Can You Cook Acidic Foods in Carbon Steel Pans?

Published Categorized as Cooking Tips

To cook like a pro and make your carbon steel pans and post last, you need to know the following about cooking with acid.

Here’s the situation: You heard somebody saying it’s okay to cook acidic foods in a carbon steel pan… but you’re not quite sure if you can trust the advice?

It’s a good thing you stopped by here. Let’s just say that there are a lot of misconceptions about carbon steel pans, and quite a few of them are related to what you can (and cannot) cook in this type of cookware.

In a word, no, you can’t cook with wine, vinegar, lemon juice, and other acidic sauces in a carbon steel pan. The acid will strip away the seasoning of the pan and your dish will have a strong, unpleasantly metallic aftertaste.

Wondering why that is? It’s simple, really.

It comes down to the fact that carbon steel pans have a cooking surface made of bare metal—that is, carbon steel. And carbon steel, like its bulkier cousin cast iron, is a reactive metal that doesn’t do very well in the presence of acid.

When you expose carbon steel to cooking liquids containing wine, vinegar, lemon juice, and other acidic sauces, the steel reacts with the acid and leaches dietary iron into your dish. The amount of iron leached is enough to impart the dish with a metallic aftertaste that many would describe as overpowering.

The bigger problem with boiling acidic liquids in your carbon steel pan, however, is that you lose the seasoning you worked so hard to build up in the first place!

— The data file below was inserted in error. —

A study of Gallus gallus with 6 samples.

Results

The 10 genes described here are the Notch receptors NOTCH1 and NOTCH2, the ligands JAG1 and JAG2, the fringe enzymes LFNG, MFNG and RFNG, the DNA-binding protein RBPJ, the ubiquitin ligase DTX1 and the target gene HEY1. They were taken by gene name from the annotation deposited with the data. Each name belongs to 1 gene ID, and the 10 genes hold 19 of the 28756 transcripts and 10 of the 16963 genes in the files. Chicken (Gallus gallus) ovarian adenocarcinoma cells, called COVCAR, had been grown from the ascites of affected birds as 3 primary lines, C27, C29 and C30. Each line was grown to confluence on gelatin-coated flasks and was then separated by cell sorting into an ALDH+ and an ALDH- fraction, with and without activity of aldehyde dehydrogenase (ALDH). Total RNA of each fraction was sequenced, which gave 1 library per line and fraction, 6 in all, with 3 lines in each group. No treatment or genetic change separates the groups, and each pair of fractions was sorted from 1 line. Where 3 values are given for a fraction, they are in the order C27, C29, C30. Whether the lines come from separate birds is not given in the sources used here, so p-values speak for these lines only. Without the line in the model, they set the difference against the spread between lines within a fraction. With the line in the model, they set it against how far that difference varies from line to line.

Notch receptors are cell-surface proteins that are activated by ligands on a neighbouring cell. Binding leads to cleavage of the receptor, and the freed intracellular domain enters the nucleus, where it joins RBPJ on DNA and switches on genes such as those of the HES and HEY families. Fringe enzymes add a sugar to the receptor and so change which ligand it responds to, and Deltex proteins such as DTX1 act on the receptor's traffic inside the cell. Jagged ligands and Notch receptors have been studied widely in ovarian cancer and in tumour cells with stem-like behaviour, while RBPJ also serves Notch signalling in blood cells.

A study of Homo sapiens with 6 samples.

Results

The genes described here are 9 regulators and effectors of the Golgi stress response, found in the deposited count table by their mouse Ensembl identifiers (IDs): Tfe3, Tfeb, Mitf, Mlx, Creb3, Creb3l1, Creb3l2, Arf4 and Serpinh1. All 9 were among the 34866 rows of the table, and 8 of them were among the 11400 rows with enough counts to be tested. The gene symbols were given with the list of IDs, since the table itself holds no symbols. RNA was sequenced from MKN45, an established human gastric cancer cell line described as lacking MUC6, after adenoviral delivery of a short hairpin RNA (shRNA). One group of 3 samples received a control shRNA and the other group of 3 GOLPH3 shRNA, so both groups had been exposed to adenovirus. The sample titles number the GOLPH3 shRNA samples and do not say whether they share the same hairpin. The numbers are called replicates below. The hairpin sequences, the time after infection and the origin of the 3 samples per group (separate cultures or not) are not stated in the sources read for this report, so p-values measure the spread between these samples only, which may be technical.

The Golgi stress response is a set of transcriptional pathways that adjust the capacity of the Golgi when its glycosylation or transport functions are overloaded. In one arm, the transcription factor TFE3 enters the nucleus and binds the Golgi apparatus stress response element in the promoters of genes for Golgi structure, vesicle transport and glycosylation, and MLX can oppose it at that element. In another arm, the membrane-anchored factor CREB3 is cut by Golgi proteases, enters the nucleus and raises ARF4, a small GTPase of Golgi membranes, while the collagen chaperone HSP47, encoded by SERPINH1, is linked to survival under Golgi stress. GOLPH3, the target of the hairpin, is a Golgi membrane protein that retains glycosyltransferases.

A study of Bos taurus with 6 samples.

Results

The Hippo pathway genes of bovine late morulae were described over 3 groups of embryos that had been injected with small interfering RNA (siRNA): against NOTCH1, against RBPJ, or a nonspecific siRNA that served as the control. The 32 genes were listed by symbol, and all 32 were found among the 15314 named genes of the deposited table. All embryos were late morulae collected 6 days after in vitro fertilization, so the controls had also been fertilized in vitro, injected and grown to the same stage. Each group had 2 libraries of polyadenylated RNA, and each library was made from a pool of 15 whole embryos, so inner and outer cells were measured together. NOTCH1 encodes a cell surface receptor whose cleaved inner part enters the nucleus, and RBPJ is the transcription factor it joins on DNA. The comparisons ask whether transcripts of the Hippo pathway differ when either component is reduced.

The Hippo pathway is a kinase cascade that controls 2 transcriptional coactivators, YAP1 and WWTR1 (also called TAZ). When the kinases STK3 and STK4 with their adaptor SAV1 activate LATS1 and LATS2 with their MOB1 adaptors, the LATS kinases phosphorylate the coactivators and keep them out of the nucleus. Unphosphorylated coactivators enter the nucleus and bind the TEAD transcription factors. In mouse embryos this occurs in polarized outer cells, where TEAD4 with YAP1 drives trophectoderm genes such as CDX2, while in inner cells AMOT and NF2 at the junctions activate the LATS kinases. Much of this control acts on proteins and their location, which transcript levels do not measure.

The “seasoning” is that shiny and slick layer of baked-on oil that keeps your food from sticking to the bottom and sides of the pan—and that protects the pan itself from corrosion and rust by keeping it from reacting with the elements.

So don’t cook acidic sauces in a carbon steel pan, especially if the recipe calls for a long simmer.

How to Reseason a Carbon Steel Pan

Now, you be wondering: Just how difficult is it to preseason a carbon steel pan?

It’s definitely easier to preseason a carbon steel pan than it is a cast iron skillet, that’s for sure. Wash the skillet with soapy water and thoroughly scrub the bottom and sides of the pan with a soft sponge.

Pat the carbon steel pan dry, then place it on the stovetop and heat over medium heat for 5 minutes to evaporate any remaining moisture. Allow it 10 to 15 minutes to cool down.

As soon as the pan is no longer too hot to handle, dab a paper towel with cooking oil and use it to wipe the bottom, sides, exterior, and handle of the pan; you don’t want to leave any inch of carbon steel untreated.

Wipe the pan with a clean paper towel to remove excess cooking oil. There should be no oil dripping from or pooling in the pan. The key to properly reseasoning your carbon steel pan, you see, is to use as little oil as possible.

Heat the pan over medium heat for 30 minutes. Let it cool. The next few times you use it, cook hearty, non-acidic dishes in it—steaks, burgers, chicken breasts, latkes, sweated onions, sautéed mushrooms.

Which Pans Can You Cook Acidic Foods In?

If you frequently cook recipes with acidic ingredients, it’s a good idea to make sure you’re using the right kind of cookware.

When the recipe calls for the addition of wine, vinegar, lemon juice, or any other highly acidic ingredient, reach for a cooking vessel with a non-reactive surface such as an enamaled cast iron skillet or a ceramic, non-stick, or stainless steel frying pan.

Avoid cooking acidic foods in cast iron, carbon steel and copper pans; these highly reactive metals will react with the acid in the food and leach into your dish. In the case of copper, this leaching can be toxic.

By Dim Nikov

Cooking for family and friends, one dish at a time. I love to make food that's delicious, nutritious, and easy to prepare.